US President Donald Trump has sparked a backlash from UK politicians by attacking the National Health Service.


In a tweet criticising US Democrats pushing for a universal health system, he said “thousands of people are marching” in the UK because the NHS is “going broke and not working”.

This was believed to be a reference to a Save the NHS march on Downing Street on Saturday, demanding more funding.

Downing Street said Theresa May was “proud” of the UK’s system.

Her spokesman said the NHS had recently been ranked as the world’s best healthcare system and that Health Secretary Jeremy Hunt, who has hit back at the US president on Twitter, “speaks for the government”.

Organisers of the demonstration said it had been aimed at showing people’s “love” for the NHS.

The chief executive of NHS England said the US president had “got the wrong end of the stick”.

In the US, when people get treatment they have to pay, most often through health insurance providers.

President Trump’s tweet came after ex-UKIP leader Nigel Farage appeared on Fox And Friends, one of the president’s favourite shows, talking about the weekend march.

“Dems want to greatly raise taxes for really bad and non-personal medical care,” Mr Trump tweeted.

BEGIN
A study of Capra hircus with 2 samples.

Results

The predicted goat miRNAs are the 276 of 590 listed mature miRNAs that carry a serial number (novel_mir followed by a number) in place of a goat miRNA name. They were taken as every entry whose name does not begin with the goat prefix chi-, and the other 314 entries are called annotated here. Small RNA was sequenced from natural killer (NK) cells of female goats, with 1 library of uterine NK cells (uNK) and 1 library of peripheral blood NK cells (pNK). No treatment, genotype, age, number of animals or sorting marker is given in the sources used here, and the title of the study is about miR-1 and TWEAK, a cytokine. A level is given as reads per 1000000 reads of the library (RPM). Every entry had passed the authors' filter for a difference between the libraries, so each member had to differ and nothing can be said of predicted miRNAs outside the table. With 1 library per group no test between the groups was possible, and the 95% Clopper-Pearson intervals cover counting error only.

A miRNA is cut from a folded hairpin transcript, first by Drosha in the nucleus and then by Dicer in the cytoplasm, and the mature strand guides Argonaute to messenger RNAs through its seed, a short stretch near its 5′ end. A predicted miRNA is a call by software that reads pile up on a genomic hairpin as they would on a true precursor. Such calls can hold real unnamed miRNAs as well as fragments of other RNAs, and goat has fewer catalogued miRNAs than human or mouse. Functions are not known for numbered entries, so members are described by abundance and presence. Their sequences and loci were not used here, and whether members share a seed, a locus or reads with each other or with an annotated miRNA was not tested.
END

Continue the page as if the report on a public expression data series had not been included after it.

Such was the case on Monday, as the president tweeted about the National Health Service shortly after former UKIP leader Nigel Farage appeared on Fox to criticise the NHS during a segment on a recent London protest march.

Healthcare reform, while a major topic of partisan debate in the US last year, has fallen off the radar recently.

Republicans tried, and failed, to roll back government regulation of the insurance industry instituted by Barack Obama.

In last week’s State of the Union address, Mr Trump barely mentioned the topic.

When Fox News catches the president’s attention, however, that can change with the flick of a Twitter finger.

In a joint response to the US president, they said people had marched “to show their love for the principles of universal and comprehensive care free at the point of use, paid for through general taxation”.

“President Trump has been tweeting about the National Health Service today, and unfortunately, respectfully, we suggest that tweet got the wrong end of the stick,” he said.

“And, in fact, people in this country don’t want to ditch our NHS, not withstanding what we’ve said today, they want to keep it and strengthen it,” he said.

Mr Stevens invited the president to visit UK hospitals when he comes to the UK, “and go away understanding that healthcare for everybody delivered at half the cost of the US healthcare system is something that people in this country are deeply and rightly committed to”.